Sexual Transmission of HIV-1 Among Injection Drug Users in San Francisco, USA

Risk-Factor Analysis

Published in: The Lancet, v. 357, May 5, 2001, p. 1397-1401

Posted on RAND.org on December 31, 2000

by Alex H. Kral, Ricky N. Bluthenthal, Jennifer Lorvick, Lauren Gee, Peter Bacchetti, Brian R. Edlin

Read More

Access further information on this document at www.sciencedirect.com

This article was published outside of RAND. The full text of the article can be found at the link above.

BACKGROUND: Many new HIV-1 infections in the USA occur in injection drug users (IDUs). HIV-1 seroconversion of IDUs is mainly associated with injection-related risk factors. Harm reduction programmes concentrate on injection-risk behaviour. The authors aimed to establish whether injection or sexual risk factors, or both, were associated with HIV-1 antibody seroconversion of street-recruited IDUs in San Francisco, from 1986 to 1998. METHODS: IDUs were enrolled every 6 months from four community sites. The authors did a nested case control study comparing 58 respondents who seroconverted between visits with 1134 controls who remained seronegative. Controls were matched with cases by sex and date. Adjusted odds ratios and 95% CI were calculated for men and women by use of conditional logistic regression. FINDINGS: Men who had sex with men were 8.8 times as likely to seroconvert (95% CI 3.7-20.5) as heterosexual men. Women who reported having traded sex for money in the past year were 5.1 times as likely as others to seroconvert (95% CI 1.9-13.7). Women younger than 40 years were more likely to seroconvert than those 40 years or older (2.8 [1.05-7.6]), and women who reported having a steady sex-partner who injected drugs were less likely to seroconvert than other women (0.32 [0.11-0.92]). INTERPRETATION: HIV-1 seroconversion of street-recruited IDUs in San Francisco is strongly associated with sexual behaviour. HIV-1 risk might be reduced by incorporation of innovative sexual-risk-reduction strategies into harm-reduction programmes.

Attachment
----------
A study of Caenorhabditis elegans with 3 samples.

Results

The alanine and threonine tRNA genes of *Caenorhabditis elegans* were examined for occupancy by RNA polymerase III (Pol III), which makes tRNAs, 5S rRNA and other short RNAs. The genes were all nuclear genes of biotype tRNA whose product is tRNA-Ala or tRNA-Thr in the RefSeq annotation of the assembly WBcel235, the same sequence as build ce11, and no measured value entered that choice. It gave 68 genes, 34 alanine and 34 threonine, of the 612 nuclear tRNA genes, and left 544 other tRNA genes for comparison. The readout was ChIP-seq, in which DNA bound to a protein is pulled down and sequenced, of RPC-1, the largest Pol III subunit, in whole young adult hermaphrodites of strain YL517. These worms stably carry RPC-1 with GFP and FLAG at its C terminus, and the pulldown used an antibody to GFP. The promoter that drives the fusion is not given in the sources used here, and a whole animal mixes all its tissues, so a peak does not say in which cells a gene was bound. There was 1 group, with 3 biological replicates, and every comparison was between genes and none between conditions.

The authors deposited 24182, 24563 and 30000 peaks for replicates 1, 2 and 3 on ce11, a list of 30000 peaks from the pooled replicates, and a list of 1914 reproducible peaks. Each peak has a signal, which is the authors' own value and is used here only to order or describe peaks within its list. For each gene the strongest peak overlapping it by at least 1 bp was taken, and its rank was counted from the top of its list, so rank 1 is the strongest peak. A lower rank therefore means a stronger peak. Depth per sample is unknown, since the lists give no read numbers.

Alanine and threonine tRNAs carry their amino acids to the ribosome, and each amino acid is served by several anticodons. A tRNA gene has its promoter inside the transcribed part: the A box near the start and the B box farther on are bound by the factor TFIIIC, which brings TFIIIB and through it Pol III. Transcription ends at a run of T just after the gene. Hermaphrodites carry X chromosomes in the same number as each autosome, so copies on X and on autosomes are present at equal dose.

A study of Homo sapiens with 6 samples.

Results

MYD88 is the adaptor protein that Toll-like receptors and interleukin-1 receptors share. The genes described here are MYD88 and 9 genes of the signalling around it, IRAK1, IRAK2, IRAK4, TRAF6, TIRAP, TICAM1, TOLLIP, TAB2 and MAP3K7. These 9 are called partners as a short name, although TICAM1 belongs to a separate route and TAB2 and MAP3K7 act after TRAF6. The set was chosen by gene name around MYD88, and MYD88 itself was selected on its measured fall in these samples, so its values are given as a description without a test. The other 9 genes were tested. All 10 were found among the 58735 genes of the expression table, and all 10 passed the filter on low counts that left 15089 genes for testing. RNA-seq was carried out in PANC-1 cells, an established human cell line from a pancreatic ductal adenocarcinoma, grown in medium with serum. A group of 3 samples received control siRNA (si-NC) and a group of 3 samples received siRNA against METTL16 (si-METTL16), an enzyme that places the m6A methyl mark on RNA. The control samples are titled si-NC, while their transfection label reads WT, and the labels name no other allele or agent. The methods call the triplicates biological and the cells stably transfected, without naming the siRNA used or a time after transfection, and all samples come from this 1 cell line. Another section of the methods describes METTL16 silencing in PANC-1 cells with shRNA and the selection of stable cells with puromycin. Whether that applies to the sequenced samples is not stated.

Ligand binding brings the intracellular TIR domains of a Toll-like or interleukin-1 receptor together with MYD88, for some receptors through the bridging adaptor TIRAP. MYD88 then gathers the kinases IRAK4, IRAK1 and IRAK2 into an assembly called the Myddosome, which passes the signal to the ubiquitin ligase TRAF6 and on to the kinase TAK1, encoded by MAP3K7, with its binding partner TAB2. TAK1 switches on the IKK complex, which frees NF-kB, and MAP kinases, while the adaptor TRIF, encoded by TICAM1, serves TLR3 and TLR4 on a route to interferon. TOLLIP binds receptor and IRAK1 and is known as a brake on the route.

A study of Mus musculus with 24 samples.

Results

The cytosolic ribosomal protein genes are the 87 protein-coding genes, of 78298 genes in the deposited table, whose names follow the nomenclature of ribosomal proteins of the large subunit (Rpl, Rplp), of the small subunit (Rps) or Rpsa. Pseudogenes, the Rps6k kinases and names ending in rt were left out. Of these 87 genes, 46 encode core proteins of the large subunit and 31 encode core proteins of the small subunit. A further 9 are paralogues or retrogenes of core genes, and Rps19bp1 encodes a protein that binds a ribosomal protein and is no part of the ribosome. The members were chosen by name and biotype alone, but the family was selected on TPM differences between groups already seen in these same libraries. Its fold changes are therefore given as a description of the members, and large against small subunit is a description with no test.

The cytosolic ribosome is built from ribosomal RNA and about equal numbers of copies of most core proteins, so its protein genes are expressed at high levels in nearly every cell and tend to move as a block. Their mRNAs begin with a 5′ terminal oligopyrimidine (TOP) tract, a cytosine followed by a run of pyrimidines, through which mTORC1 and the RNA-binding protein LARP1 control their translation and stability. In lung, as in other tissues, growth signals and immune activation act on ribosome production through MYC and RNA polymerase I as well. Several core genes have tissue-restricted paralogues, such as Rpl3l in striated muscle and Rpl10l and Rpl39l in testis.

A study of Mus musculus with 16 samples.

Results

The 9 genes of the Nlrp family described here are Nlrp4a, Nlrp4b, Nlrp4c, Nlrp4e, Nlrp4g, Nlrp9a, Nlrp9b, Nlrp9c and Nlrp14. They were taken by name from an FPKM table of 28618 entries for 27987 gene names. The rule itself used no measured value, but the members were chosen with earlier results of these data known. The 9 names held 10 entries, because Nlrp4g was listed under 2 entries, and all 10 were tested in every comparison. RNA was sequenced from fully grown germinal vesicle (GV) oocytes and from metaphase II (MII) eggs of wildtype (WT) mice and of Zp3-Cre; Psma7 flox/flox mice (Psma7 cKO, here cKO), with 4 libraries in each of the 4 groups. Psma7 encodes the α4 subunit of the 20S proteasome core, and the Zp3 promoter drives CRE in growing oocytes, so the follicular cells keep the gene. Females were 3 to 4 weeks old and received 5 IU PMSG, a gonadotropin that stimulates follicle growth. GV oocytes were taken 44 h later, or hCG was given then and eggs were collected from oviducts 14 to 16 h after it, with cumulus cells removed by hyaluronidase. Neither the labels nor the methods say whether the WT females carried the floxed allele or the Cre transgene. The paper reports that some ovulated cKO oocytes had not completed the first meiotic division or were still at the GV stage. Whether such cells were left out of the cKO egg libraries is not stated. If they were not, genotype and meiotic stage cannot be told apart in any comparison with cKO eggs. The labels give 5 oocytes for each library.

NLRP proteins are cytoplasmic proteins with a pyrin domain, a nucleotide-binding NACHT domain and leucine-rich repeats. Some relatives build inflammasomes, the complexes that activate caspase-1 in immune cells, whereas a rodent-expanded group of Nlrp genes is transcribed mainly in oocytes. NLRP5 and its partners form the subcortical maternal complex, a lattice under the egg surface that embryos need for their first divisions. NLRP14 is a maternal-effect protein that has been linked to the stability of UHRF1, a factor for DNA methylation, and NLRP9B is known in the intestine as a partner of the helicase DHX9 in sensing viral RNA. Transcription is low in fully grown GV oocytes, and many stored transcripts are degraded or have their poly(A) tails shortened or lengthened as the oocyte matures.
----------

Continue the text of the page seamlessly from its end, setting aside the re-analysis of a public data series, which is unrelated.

This report is part of the RAND Corporation external publication series. Many RAND studies are published in peer-reviewed scholarly journals, as chapters in commercial books, or as documents published by other organizations.

The RAND Corporation is a nonprofit institution that helps improve policy and decisionmaking through research and analysis. RAND's publications do not necessarily reflect the opinions of its research clients and sponsors.